Mahmoud Abbas announcement threatens to derail Israel-Palestine peace talks
Associated Press in Ramallah, West Bank
In a surprise move that could derail US peace efforts, Palestinian Authority president Mahmoud Abbas has resumed a campaign for further international recognition of a state of Palestine, despite a promise to suspend such efforts during nine months of negotiations with Israel.
After Abbas' announcement on Tuesday, US Secretary of State John Kerry cancelled yesterday's scheduled plan to return to the Middle East, but also said it was "completely premature" to write off the Israeli-Palestinian peace talks he restarted in late July.
"We are continuing, even now, to be engaged with both parties," Kerry said. "We urge both sides to show restraint while we work with them."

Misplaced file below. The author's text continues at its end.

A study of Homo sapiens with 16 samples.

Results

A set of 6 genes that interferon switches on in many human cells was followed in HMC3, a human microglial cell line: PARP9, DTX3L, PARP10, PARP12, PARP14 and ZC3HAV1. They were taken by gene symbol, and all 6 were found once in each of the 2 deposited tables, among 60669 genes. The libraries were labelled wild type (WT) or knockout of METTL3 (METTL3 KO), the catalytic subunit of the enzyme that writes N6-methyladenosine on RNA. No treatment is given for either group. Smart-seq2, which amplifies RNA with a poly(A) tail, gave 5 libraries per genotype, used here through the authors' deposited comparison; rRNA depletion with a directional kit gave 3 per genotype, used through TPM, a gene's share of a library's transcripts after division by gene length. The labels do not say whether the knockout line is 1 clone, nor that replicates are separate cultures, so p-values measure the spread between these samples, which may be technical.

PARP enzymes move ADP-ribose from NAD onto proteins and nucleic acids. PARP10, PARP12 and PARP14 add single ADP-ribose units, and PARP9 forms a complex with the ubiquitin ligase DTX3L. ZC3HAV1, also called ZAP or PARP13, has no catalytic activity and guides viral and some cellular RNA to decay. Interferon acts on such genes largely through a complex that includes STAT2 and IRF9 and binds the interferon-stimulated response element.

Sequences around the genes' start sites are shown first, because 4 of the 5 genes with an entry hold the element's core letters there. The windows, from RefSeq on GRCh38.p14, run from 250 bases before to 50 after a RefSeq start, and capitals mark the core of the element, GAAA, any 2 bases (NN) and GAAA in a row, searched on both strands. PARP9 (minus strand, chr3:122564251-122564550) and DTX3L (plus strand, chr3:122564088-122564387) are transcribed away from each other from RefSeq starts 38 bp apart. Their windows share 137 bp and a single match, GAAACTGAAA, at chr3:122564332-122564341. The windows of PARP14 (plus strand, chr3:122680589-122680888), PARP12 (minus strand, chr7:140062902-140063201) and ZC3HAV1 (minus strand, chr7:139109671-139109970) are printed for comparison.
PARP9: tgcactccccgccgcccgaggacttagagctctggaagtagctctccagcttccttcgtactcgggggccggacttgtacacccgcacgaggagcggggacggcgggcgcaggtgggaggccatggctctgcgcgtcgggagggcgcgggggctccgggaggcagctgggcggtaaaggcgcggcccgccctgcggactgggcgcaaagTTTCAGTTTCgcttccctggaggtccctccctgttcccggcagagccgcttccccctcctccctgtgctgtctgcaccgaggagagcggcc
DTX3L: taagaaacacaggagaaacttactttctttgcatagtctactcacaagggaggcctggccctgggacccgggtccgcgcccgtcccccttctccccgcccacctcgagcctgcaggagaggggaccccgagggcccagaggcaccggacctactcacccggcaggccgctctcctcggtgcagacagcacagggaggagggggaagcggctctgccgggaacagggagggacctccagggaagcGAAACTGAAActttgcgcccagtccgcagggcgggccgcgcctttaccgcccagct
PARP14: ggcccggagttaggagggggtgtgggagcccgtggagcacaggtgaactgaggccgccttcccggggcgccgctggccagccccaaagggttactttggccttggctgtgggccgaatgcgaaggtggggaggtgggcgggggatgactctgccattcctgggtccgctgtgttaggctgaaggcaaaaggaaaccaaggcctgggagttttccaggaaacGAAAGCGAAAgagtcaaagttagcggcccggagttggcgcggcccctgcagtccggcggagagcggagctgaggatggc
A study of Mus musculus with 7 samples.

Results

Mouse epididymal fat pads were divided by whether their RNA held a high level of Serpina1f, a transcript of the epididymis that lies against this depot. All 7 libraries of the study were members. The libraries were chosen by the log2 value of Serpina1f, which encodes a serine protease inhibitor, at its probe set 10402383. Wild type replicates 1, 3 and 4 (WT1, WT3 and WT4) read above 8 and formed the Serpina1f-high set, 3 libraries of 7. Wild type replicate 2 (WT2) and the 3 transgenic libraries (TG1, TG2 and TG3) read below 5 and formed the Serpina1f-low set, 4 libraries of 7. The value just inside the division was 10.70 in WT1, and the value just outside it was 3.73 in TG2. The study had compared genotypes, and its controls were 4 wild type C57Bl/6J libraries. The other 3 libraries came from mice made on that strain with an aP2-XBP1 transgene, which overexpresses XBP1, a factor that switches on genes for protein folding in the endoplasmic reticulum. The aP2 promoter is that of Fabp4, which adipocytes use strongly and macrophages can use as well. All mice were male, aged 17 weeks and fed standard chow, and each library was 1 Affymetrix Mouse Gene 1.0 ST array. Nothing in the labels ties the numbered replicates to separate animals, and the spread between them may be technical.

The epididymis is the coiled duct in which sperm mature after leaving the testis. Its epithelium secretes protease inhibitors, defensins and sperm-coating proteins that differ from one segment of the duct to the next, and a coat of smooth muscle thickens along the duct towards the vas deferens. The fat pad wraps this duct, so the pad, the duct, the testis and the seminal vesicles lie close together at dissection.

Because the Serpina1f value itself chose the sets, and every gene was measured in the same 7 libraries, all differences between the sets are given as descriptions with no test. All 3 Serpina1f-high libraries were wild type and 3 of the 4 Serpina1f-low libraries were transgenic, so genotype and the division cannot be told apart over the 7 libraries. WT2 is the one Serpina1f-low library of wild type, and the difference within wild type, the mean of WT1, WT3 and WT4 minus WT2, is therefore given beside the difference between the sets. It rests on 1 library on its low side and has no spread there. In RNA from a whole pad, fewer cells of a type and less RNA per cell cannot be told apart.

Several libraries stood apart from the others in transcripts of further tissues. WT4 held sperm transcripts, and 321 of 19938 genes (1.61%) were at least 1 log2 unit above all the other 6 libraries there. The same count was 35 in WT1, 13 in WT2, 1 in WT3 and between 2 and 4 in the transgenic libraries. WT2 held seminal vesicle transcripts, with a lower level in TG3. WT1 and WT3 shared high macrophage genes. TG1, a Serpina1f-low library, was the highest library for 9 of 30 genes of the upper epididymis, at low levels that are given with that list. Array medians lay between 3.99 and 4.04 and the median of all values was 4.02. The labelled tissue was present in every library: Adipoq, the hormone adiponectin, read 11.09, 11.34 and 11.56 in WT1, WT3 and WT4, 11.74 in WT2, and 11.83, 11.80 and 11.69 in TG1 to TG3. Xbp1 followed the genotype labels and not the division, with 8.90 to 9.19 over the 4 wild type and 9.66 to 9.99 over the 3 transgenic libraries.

There was no immediate Israeli comment. However, Abbas' decision threw into doubt Israeli claims that a deal was emerging that would have extended Israel-Palestinian talks beyond an April 29 deadline.
It remained unclear whether Abbas' dramatic announcement was a negotiating tactic or signalled a fundamental shift in strategy.
In a hastily convened ceremony televised live from his West Bank headquarters, Abbas signed applications for Palestinians to join 15 international treaties and conventions.
Abbas said he was compelled to act because Israel had failed to carry out a promised release of Palestinian prisoners by the end of March.
At the same time, Abbas said he was not seeking a confrontation with the US and wanted to "reach a peaceful solution through negotiations" with Israel. A senior aide, Nabil Abu Rdeneh, later urged the international community to pressure Israel to release the prisoners, indicating the Palestinians might reverse course in that case.
Kerry had nudged Israelis and Palestinians back to the table in July. The target was a framework deal on the terms of a Palestinian state alongside Israel.